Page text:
Liver Health: Shining Light on the Silent Organ

by Nirah Johnson Patient Expert

Why should we care about liver health? Because you might not know you have a problem until it's too late.

In many cultures the liver is considered to be the center of the human body. And indeed it is! The liver silently performs hundreds of functions to keep us going every day. Because the liver does not contain nerves, it does not usually feel pain, even when suffering. For this reason, liver problems often go undetected until advanced stage disease, which can be too late.

Because the liver is the Silent Organ, we must proactively assess and protect our liver health to prevent chronic inflammation of the liver (hepatitis), which can lead to heavy scarring of the liver tissue (cirhossis) and liver cancer.

5 Tips for a Healthy Live. Ask your doctor about the health of your liver. Open up the conversation! There are simple liver function tests that can give you useful information about the condition of your liver.

2. Reduce or eliminate alcohol. Alcohol is very hard on the liver; the less you drink the better. If you have any form of hepatitis or other serious health condition, alcohol can make things much worse. Learn tips for cutting down at Rethinking Drinking

3. Maintain a healthy body weight. Extra weight can cause fat to build up in the liver, which can cause lead to liver damage.

Eating a healthy diet of vegetables, whole grains, healthy oils and fresh water can support liver health. Organic green tea and coffee have been found to be beneficial to liver health.

Staying physically fit through walking, dancing, taking the stairs -- or any fun movement -- can help your liver. Get those daily steps up!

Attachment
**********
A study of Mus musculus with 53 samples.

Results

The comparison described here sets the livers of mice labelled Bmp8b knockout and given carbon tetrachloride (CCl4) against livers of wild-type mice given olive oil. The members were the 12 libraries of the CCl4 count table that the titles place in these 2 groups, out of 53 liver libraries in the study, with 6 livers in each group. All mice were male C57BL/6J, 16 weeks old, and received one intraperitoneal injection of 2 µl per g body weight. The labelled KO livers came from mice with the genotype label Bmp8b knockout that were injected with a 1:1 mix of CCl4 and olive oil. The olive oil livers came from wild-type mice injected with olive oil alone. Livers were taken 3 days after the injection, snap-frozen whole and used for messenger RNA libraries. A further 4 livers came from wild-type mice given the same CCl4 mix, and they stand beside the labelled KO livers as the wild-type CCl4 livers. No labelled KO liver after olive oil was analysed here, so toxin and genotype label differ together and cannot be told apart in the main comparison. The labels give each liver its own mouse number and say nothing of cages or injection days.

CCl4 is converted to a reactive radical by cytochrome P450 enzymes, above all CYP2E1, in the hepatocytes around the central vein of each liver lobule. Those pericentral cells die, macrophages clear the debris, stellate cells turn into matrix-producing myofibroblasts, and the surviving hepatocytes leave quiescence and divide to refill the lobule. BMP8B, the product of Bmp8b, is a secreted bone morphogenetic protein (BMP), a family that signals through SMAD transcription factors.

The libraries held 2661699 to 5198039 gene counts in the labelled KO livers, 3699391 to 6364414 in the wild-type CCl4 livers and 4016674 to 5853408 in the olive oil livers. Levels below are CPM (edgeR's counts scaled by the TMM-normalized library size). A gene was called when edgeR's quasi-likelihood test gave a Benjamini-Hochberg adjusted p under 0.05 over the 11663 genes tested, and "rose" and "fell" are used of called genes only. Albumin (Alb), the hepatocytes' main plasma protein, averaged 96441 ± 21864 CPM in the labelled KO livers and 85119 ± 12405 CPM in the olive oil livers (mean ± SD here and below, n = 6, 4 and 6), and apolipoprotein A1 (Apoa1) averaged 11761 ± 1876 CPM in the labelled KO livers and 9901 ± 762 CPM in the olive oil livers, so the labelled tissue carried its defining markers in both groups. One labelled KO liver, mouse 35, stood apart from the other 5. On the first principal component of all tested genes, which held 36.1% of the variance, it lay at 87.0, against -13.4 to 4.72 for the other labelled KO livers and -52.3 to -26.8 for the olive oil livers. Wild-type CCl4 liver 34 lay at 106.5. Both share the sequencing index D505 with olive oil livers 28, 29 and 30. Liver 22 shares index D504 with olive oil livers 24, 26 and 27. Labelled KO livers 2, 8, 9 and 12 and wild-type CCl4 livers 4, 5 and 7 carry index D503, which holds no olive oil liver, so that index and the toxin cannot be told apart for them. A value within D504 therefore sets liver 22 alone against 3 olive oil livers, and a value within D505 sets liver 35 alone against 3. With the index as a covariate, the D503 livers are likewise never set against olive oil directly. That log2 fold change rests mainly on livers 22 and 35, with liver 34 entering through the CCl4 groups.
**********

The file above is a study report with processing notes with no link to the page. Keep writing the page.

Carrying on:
4. Get screened for Hepatitis B and C, if you are at risk.** Hepatitis B** is a virus transmitted through blood and sexual fluids. People born in a country of the world where Hep B is common should be tested. There is treatment for Hep B. There is also a vaccine against Hep B, which is recommended for all infants at birth, and people at risk including people who live with, or have a sexual partner with Hep B.

Hepatitis C is a virus transmitted through blood. People born between 1945 and 1965 -- Baby Boomers -- should be tested. There is treatment and a cure available for Hep C.

Take the online CDC Risk Assessment for more details.

Both Hep B and Hep C can lead to liver damage. Early identification is important to protect your liver health. Ask your doctor for the test if you are at risk.

5. Avoid toxins.

Any toxin we put in our body - through our skin, nose, or mouth – can stress the liver. This includes: cleaning fluids, pesticides and artificial colors or flavors in food or drinks, chemical hair treatments, drugs, cigarettes and much more. Some over the counter medications are hard on the liver. Read your labels and try to select natural or organic options.

Your liver health is in your hands!

Nirah Johnson
Meet Our Writer
Nirah Johnson

Nirah Johnson, LCSW, Director of Program Implementation & Capacity Building NYC Health Department, Viral Hepatitis Program serves as the lead organizer of the NYC Hep B Coalition and Hep C Task Force since 2007.